Assistant principal cello of the National Arts Centre Orchestra since 2014, Julia MacLaine performs worldwide as a soloist, chamber, and orchestral musician in music ranging from [...]
There is something deeply rewarding about having both old and new music on your music stand. By pretending that old music is new, it becomes easier to nd freedom from tradition and to discover fresh ideas and new meanings. By imagining that new music is old, a certain reverence set in, a trust in the composer, and a feeling of devotion to their intent.
But how to express on a single album one’s roots in classical music, one’s love of Bach, and simultaneously offer a sense of excitement for the music being written today? I remember fondly a performance at Juilliard given by Bonnie Hampton: she played the six Bach preludes interspersed with contemporary works for cello. I
took my inspiration from her and, with the support of the Canada Council for the Arts, commissioned six Canadian composers to write pieces for solo cello in response to the preludes from the Bach Cello Suites.
It was thrilling to receive the new pieces, written by Airat Ichmouratov, Gabriel Dharmoo, Carmen Braden, Nicole Lizée, Cris Derksen, and Roy Johnstone. Their styles are completely different from one another, and their compositions cover a wide range of technical cellistic demands. If we hear our musical roots in Bach, then these composers’ works grew from those roots, sprouting and shooting out in all sorts of
Airat Ichmouratov’s Praeludium in G Major for Cello Solo, Op. 69 is a neo-Romantic work, offering up great ocean-like swells in response to Bach’s G-major prelude. He captures the lyrical aspects of the Bach by winding melodic lines out of the upper notes in the famous broken arpeggios and adds a fair dose of virtuosic intensity as well.
Gabriel Dharmoo, on his work sarasaraahat: “sarasaraahat, I hear them,vaguely ancestral ghosts, rustling, caught in mid-air, a static sway, murmured into an unknown vastness.” Inspired by the D-minor Bach prelude and Indian Carnatic music, Dharmoo’s piece explores the quietest range of the cello, spending long stretches of time at the very limit between pitch and white noise, making the eventual release onto a rich low D all the more poignant. There is a mysterious, hypnotic quality to sarasaraahat that leads naturally into the dark, exploratory tone of the D-minor prelude.
Carmen Braden writes in her score: “Play the score as if you just heard the Bach Cello Suite No. 3 for the first time, and now sit down to improvise, playful as a child.” In fact, Braden initially gave me a score as void of markings as a Bach cello part, interested in matching the interpretive process itself to Bach, and curious about the decisions I would make without her specific guidance. Her piece marvels at the motifs and harmonies in the Bach the way a young child delights in the world around them.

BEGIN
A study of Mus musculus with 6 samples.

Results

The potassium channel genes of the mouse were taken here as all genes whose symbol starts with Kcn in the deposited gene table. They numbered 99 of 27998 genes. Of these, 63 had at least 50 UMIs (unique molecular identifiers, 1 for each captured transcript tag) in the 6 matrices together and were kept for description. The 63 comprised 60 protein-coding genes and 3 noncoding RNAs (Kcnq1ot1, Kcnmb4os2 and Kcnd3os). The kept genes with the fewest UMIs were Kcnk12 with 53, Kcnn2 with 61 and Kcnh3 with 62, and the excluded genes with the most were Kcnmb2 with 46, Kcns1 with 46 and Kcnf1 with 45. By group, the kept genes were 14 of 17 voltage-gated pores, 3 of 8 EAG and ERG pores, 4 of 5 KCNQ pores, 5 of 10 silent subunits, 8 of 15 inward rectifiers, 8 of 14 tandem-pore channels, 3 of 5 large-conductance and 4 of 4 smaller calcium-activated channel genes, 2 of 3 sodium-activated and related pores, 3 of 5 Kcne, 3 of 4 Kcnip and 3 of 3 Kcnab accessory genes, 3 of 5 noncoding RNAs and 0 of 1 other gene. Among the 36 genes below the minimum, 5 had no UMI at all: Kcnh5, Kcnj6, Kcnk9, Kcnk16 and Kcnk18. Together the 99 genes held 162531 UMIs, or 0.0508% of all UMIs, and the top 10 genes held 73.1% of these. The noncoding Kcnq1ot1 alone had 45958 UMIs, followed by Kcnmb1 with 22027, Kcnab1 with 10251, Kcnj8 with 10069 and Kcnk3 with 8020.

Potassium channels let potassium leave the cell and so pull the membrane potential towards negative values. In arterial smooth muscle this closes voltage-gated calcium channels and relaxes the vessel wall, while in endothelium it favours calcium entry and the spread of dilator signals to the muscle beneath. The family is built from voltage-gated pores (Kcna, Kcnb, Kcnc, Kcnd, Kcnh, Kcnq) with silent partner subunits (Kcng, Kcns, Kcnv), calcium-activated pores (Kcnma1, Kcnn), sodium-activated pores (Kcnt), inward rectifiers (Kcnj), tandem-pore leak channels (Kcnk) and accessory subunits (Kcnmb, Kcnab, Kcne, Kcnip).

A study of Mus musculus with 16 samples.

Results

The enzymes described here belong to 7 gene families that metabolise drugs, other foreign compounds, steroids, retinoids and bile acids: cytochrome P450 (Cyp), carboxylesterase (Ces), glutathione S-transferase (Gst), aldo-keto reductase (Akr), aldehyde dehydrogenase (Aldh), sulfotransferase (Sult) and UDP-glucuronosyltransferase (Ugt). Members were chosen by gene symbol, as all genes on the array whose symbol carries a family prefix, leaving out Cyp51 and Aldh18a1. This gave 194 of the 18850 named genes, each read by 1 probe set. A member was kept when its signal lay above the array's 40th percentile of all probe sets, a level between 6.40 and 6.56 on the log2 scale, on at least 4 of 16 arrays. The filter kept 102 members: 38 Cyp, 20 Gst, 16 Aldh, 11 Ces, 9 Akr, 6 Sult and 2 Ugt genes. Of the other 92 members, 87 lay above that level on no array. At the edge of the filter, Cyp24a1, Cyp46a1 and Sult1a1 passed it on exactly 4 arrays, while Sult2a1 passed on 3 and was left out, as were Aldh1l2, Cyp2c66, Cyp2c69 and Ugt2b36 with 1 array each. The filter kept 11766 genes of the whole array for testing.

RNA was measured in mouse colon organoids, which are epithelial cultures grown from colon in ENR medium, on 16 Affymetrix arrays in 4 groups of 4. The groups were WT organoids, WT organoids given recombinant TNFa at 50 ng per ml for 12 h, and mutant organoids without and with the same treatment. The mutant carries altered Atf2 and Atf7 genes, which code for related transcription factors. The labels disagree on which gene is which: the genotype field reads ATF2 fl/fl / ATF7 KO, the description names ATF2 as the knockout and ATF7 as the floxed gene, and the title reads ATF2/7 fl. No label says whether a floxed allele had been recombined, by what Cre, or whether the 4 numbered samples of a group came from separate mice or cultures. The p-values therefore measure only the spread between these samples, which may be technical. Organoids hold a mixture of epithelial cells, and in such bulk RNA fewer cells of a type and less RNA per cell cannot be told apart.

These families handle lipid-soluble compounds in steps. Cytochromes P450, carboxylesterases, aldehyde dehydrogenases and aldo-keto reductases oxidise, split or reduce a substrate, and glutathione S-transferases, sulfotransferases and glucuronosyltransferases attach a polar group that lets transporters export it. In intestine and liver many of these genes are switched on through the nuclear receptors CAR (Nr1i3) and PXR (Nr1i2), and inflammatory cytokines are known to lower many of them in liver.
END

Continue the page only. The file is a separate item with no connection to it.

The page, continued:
In Prayers for Ruin, Nicole Lizée invites the cello into a marvellous, fantastical electronic world, singing expressively above it, weaving in and out of it, and chasing after it. She writes: “Relationships between the embedded voices are always front of mind when contemplating Bach’s cello preludes. This became a jumping off point for the work as I ventured into an imagined hymnal or lounge music compendium. The title refers to
urban exploration – or urbex – where adventurists explore ruins and decayed structures. The voices in this work are the decaying and faded remnants of lost melodies – the dangling threads of tattered textile inventions.”
Cris Derksen writes: “LAND BACH is my response to Bach’s 5th prelude for solo cello as an Indigenous composer and cellist.” Cris’s classical training and love of the rich, earthy sounds in the Bach are crystal clear in her work. She honours Bach’s introduction and fugue structure, weaving her personal voice – furiously dramatic, earnest and gentle, and relentlessly rhythmic – compellingly around Bach’s. Dersken breaks from the driving fugal section once for a gorgeous section of her characteristic looped rolled chords. 7
Roy Johnstone is a fiddler and composer from Prince Edward Island. He has a splendid fiddler’s bow arm, and his music is a perfect dance partner for the gigue-like qualities of the D-major Bach prelude. No. 6 Post Bach is a take on a folk medley, moving seamlessly between several different dancing sections of music. A slowed-down, grumbly movement offers us a glimpse of the underworld, the murky place that gave rise to the motives that permeate Bach – and Johnstone.
My hope is that as you listen to this album, you will be drawn into the new music through its connection to Bach, and that you will hear Bach differently, as though past and present composers were having a conversation across the years, across the ocean.